In this issue of our annual Review of Energy Policy we look back on events of 2023 and, with an eye on the upcoming general election, consider key areas of policy that a new government should address during their first 100 days in office.

In our annual Review of Energy Policy 2023, we highlight key areas of energy policy that a new government should address during their first 100 days in office.

While 2050 may seem distant, without an immediate step-change in implementation the UK is likely to miss its 2030 target to reduce greenhouse gas emissions by 68% and be off track for reaching net zero. The expected term of the next government will take us most of the way to 2030 and the new government must move quickly to step up to the delivery challenge.

Much of the required action involves the delivery of new and expanded infrastructure to generate, deliver and make use of renewable energy and other low-carbon energy sources. This infrastructure can take years to develop, involves billions of pounds of investment but will also help create jobs and economic benefits.

Among the review’s most urgent recommendations are:

Look beyond the focus on security of gas supply to security of demand

As households switch to low carbon heating and we look to electrify parts of industry, UK demand for fossil gas is set to fall. Rather than focusing on maximising domestic supply by expanding North Sea oil and gas exploration and production, the review identifies that the real challenge for any government will be managing the technical viability and economic impacts of the network as we switch from gas to low carbon energy. Failure to manage this will undermine the resilience of the system and could lead to sustained high energy prices into the future.

Unlock the power of local energy

Maximising delivery of local energy solutions could provide easy gains for an incoming government. These include council led insulation programmes and the development of heat networks. Local action would bring multiple benefits – delivering economic gains from local regeneration and new jobs, saving carbon, and improving the energy performance of buildings, so cutting bills. The evidence suggests that the UK government has not yet fully recognised the importance of local authorities in delivering net zero. Unlocking the potential role of local authorities requires increasing local capacity through longer-term, stable funding, clarity around division of responsibilities at local and regional levels, and a clear framework for local and regional energy planning.

Rapid investment in electricity networks

The review makes clear that the next government needs to make significant changes to the planning system to allow network capacity to be built more quickly.

Transitioning to a net zero power system by the mid-2030s requires a paradigm shift in how networks are planned and regulated. 2023 saw a growing list of proposals and consultations around strategic planning, but with slow progress and renewable developers arguing that impediments to development remain. Urgent action is needed to ensure we can transport renewable energy from where it is generated to where it is needed, and that distribution systems are planned to accommodate for heat pump and electric vehicle uptake.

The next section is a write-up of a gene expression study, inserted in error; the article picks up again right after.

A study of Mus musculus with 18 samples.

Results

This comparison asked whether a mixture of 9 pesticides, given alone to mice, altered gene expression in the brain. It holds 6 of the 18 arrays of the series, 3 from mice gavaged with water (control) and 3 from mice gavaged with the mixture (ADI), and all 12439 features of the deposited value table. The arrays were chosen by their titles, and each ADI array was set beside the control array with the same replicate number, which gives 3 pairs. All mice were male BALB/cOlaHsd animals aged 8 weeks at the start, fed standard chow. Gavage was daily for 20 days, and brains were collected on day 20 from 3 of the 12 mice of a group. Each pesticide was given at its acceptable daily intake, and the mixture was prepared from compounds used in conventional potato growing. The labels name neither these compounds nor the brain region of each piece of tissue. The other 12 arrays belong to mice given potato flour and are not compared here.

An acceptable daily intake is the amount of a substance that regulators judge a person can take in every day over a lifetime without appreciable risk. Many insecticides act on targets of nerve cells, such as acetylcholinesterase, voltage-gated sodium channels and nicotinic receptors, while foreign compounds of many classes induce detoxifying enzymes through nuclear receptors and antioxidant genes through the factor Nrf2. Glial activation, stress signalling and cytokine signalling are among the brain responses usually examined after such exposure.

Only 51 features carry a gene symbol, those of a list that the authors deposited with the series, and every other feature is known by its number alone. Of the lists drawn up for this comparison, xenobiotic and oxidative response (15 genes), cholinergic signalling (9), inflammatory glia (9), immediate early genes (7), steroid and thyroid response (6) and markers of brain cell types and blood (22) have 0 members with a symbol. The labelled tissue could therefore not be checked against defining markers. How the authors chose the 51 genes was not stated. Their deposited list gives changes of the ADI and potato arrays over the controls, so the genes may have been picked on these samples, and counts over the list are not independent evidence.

Prioritise bold, well-articulated policy around heating

Over the last decade energy efficiency installations have declined from 2 million to 200,000 per year and with the UK at the bottom of the table for European heat pump adoption, delaying the ban on new gas boilers has resulted in further consumer uncertainty. There is an urgent need for the future government to tackle these challenges – with continued and expanded upfront finance for heat pump installation, and a prompt strategic decision on the role of hydrogen in heating.

Look beyond electric vehicle uptake – it will not be enough

There needs to be a renewed push for public, active and shared transport that prioritises affordability and accessibility, along with a carefully designed scrappage scheme to get the most polluting vehicles off the road. The new government must tackle the uneven coverage of electric vehicle charging infrastructure and ban the sale of plug-in hybrids by 2030, with consistent decarbonisation measures locked in through a new Green Transport Deal.

Broaden the scope of industry decarbonisation

Delivering decarbonisation across the whole of industry requires a long-term strategy that includes dispersed sites – which account for 50% of emissions – along with access to affordable electricity. A new government must prioritise financial support for switching away from fossil fuels, faster access to upgraded grid connections and reduced electricity prices so the UK can take advantage of novel technologies which at current prices are not commercially viable. UKERC research has identified significant carbon savings up to 20 MtCO2e – most of which could be delivered in the next 15 years.

Ensure biodiversity net gain and environmental protection when developing generation

With plans to vastly increase solar and offshore wind by 2030, and to speed up consenting of new projects, the tensions, trade-offs and co-benefits relating to energy generation and the environment must be the fully explored. Biodiversity net gain is now a core part of UK strategy, but as nature and natural capital will be greatly influenced by changes in land-use and its management, policy must be strengthened to ensure that the environment is protected, with more funding to explore the overall impacts of renewable energy technologies.